WCCUSD Considers Bond Measure or Parcel Tax for 2020

By Edward Booth

The West Contra Costa Unified Board of Education is considering putting a parcel tax or a bond measure — or both — before voters on the 2020 ballot.

Though the board didn’t approve any ballot items at the meeting Sept. 4, they showed interest in hiring a polling firm to assess how the measures would land with voters.

A parcel tax requires a two-thirds majority of the vote to pass, but school construction bonds only require a 55% majority. This lower threshold means 84 percent of local school bonds have passed across the state since 2001, according to reporting from EdSource.

Parcel taxes and school bonds differ not only in what their funds can be used for, but also how the money is collected. With a parcel tax, an equal amount of funding is collected from each home, on a per-parcel basis, while bonds incur a debt that must be repaid by taxpayers, with interest, over decades.

Bonds are for brick-and-mortar construction projects, while parcel taxes help fund how a school is run, including programs that support students.

But, according to an investigation published by the East Bay Express last year, school construction bond money has been used to supplement holes in operational budgets with little oversight at both the state and local level.

As the board expressed support of putting some kind of financing method on the 2020 ballot, public commenters expressed a desire for transparency, clear language and protection for taxpayers.

Some referenced a 2016 investigation into the district’s bond program, which found it didn’t comply with district policies, wasted money and carried with it potential conflicts of interest, among other issues.

Ben Steinberg — who opposed 2014’s Measure H, which failed with 46.3% of the vote — said the end result of the investigation had left the community wondering what those in charge of the school construction bond were trying to hide.

“If there are not adequate consumer taxpayer protections, we will defeat the next bond measure, if you decide to go that route,” Steinberg told WCCUSD’s board, “I really hope we can learn from our past mistakes.”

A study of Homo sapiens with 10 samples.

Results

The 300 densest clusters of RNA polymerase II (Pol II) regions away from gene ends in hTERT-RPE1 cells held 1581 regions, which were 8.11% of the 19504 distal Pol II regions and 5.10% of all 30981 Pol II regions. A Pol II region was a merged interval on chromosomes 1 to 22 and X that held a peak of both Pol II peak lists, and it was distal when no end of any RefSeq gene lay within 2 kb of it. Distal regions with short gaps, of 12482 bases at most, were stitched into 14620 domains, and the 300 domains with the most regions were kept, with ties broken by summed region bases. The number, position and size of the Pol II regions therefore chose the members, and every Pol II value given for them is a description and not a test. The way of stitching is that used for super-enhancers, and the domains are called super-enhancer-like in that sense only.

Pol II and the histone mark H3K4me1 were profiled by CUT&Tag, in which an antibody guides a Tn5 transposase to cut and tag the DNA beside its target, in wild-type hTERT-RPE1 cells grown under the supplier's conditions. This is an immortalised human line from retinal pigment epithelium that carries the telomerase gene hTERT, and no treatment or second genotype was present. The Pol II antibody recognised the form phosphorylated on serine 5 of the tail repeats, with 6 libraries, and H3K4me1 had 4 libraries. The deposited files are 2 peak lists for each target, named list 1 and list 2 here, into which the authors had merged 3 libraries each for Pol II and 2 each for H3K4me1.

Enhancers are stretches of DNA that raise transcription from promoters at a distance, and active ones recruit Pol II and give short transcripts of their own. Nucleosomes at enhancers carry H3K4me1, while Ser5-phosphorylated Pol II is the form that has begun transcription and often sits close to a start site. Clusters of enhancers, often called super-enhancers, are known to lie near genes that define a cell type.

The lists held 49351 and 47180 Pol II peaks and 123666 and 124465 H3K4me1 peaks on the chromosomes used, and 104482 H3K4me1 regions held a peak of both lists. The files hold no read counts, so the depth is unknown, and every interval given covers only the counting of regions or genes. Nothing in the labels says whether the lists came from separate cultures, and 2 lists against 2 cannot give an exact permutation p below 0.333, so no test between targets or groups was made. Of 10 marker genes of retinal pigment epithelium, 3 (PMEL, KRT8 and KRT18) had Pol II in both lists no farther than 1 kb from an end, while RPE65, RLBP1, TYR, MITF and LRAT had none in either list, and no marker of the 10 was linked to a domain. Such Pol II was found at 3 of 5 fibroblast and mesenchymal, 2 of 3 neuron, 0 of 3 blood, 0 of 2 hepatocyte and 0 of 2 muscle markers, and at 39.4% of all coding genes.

Board member Stephanie Hernández-Jarvis said she supported increased transparency and more funding for district schools, but she’d like to see specific, purpose-driven language that identifies the actual services provided.

“I think what I’m taking away is that we need to have the trust and transparency that our taxpayers and communities deserve and even expect from us,” Hernández-Jarvis said.

Marcus Walton, WCCUSD’s communications director who gave the presentation, showed the board two timelines for the bond or parcel measures, based around whether it would prefer the vote to land in March or November of next year.

A March vote would truncate the process — giving less time for outreach and decisions — and cost taxpayer between $290,000 to $457,000. A November vote would be much less, around $200,000, at early estimates. Campaigning on an already-packed presidential ballot costs about one to two dollars less per voter, Walton said

Walton also mentioned that bonds have a higher success rate than parcel taxes: Six of seven of them have passed from 1998 through 2014 — the latter being the year Steinberg and other voters rallied against it — while half of parcel tax votes succeeded from 2004 to 2017.

Board president Tom Panas said that he supported adding to funding schools, but he felt the board would be better able to make a decision with more information, including what a prioritized list of projects or services the money would fund and what checks and balances would be in place.

Board member Valerie Cuevas argued for the importance of the funds, and asked the crowd to not underestimate the improvements in transparency that have already been made.

“I don’t mean it to be a great surprise when I say I’m fully in support of asking for the funds that we need, and I have no shame about it,” Cuevas said. “Over the last decades, we have disinvested in public education in ways that have nothing to do with the young kids and the young minds who are in our schools today.”

In Other Board News:

The WCCUSD board also unanimously affirmed their support for SB-328, which would require all state middle schools to start before 8 a.m. and high schools before 8:30 a.m.

Ryan Lau, a representative from AC Transit, urged the board to oppose the bill. He argued the change would throw their entire system out of wack.

The board said they’d look into it.

  • Richard Michael 909-378-5401
    Posted at 19:24h, 08 September

    Absolutely disgusting. Millions of dollars wasted on corruption with the taxpayers being forced to eat it all. Bond money was even used to pay for the corruption investigation and the forensic audit. Millions were “reimbursed” to the district for salaries and operating expenses.

    Is anybody in jail? Has anyone been forced to disgorge their obscene profits?

    Both the parcel tax measure and the bond measure will absolutely violate the law. There will be no accountability. There never has been.

    The corrupt establishment depends on the stupidity of the American voter. It will manipulate you. The money will be siphoned off, as it has been in the past.

    The project labor agreement will siphon off even more (possibly 20%) as gifts to the unions that keep these people in power.

    Now is the time to prepare the court challenges needed to stop this theft. Anyone with the backbone to engage this shining example of the corrupt school bonds cartel? Call me.

    Victory goes to those who are prepared.

  • Ben Steinberg
    Posted at 23:18h, 08 September

    I think the this story does an excellent job capturing the key points from the board discussion. Good reporting, Mr. Booth.